Wednesday, March 16, 2011

Shared Sacrifice

Republican governors are fond of spreading the myth that they are addressing states’ budget crises by imposing “shared sacrifice.” These lies are transparent to everyone when we see that millionaires and corporations are paying little of no tax, while the middle class “shares” the burden alone.

But today, there’s another area where shared sacrifice is sorely needed. That’s in the prosecution of the ill-advised wars of choice in the Middle East. Not only do the poor and middle class pay a disproportionate portion of the financial cost of the war, but they also are burdened with a disproportionate portion of the human suffering.

Columnist Mark Shields conducted a survey at the start of the Iraq War to determine the number of sons and daughters of congresspeople who were in the enlisted ranks of the armed forces. Not surprisingly, the answer was one - a son of Democratic South Dakota Senator Tim Johnson. It’s a lot easier for Congress to approve a war when they have no personal stake in its brutality.

People enlist in the volunteer military for many reasons. I’m sure there are thousands serving the nation today because of patriotism, altruism, and a desire to give something back to America - even if these wars are unnecessary. They deserve our gratitude and support, both during their time of enlistment, and (if they are lucky) after they come home to care for any physical and mental injuries they received on the battlefield. But in today’s economy, many are enlisting in the “volunteer” army because that institution is the employer of last resort. We are creating jobs for Americans in Afghanistan and Iraq instead of in the homeland, and we are spending education dollars to train young men and women to kill and destroy instead of training them to heal and build.

The only fair way to impose a truly shared sacrifice would be a reinstatement of the draft. Not the draft of the Viet Nam era, but a draft of all - men and women, straight and gay, and all but the most infirm. The new draft would require two years of service - either in the military or in the community, to be determined by the combination of a lottery and an individual’s physical abilities. And as a reward for this two years of service, draftees should receive free tuition at a college, trade school, or other institution that would prepare them for a post-service career - a wonderful investment in this country and its people.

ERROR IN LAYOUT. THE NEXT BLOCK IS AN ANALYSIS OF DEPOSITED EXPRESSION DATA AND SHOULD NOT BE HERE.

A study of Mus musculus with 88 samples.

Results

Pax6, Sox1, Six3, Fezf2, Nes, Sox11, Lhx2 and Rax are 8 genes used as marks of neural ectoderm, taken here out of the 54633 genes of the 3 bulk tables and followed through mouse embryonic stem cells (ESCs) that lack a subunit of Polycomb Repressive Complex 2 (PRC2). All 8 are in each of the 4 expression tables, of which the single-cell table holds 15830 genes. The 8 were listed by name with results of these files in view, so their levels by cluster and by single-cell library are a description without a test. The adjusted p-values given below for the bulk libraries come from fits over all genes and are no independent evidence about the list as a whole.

The war in Viet Nam was ill-advised, but not nearly as much as today’s wars in the Middle East. That war lasted far too long, and the anti-war protests were finally able to convince the powerful to bring the troops home. There are no anti-war protests of the same scale today because today’s youth has no skin in the game. Today’s wars have lasted so long that we are becoming immune to reports of carnage and the deaths of Americans, Iraqis and Afghans.

New York Senator Kirsten Gillibrand has introduced a resolution to bring all troops back from Afghanistan by 2014. This is a good start. Citizens should use their congresspeople’s support of this resolution as a litmus test for their votes.

Bring back the possibility of sending all kids to a war zone - those of the elite as well as those who enlist in the employer of last resort - and then we can have an honest debate on the necessity of these wars.

1 comment:

  1. OK, I don't get it. The Vietnam war resulted in roughly 58,000 American deaths and the extinction of the ally we were supporting. The Iraq war to date has resulted in roughly 4,300 American deaths and at least the possibility of a free and democratic Iraq. Regardless of what you think of the wisdom/folly of Iraq, how can it possibly be more ill-advised than Vietnam?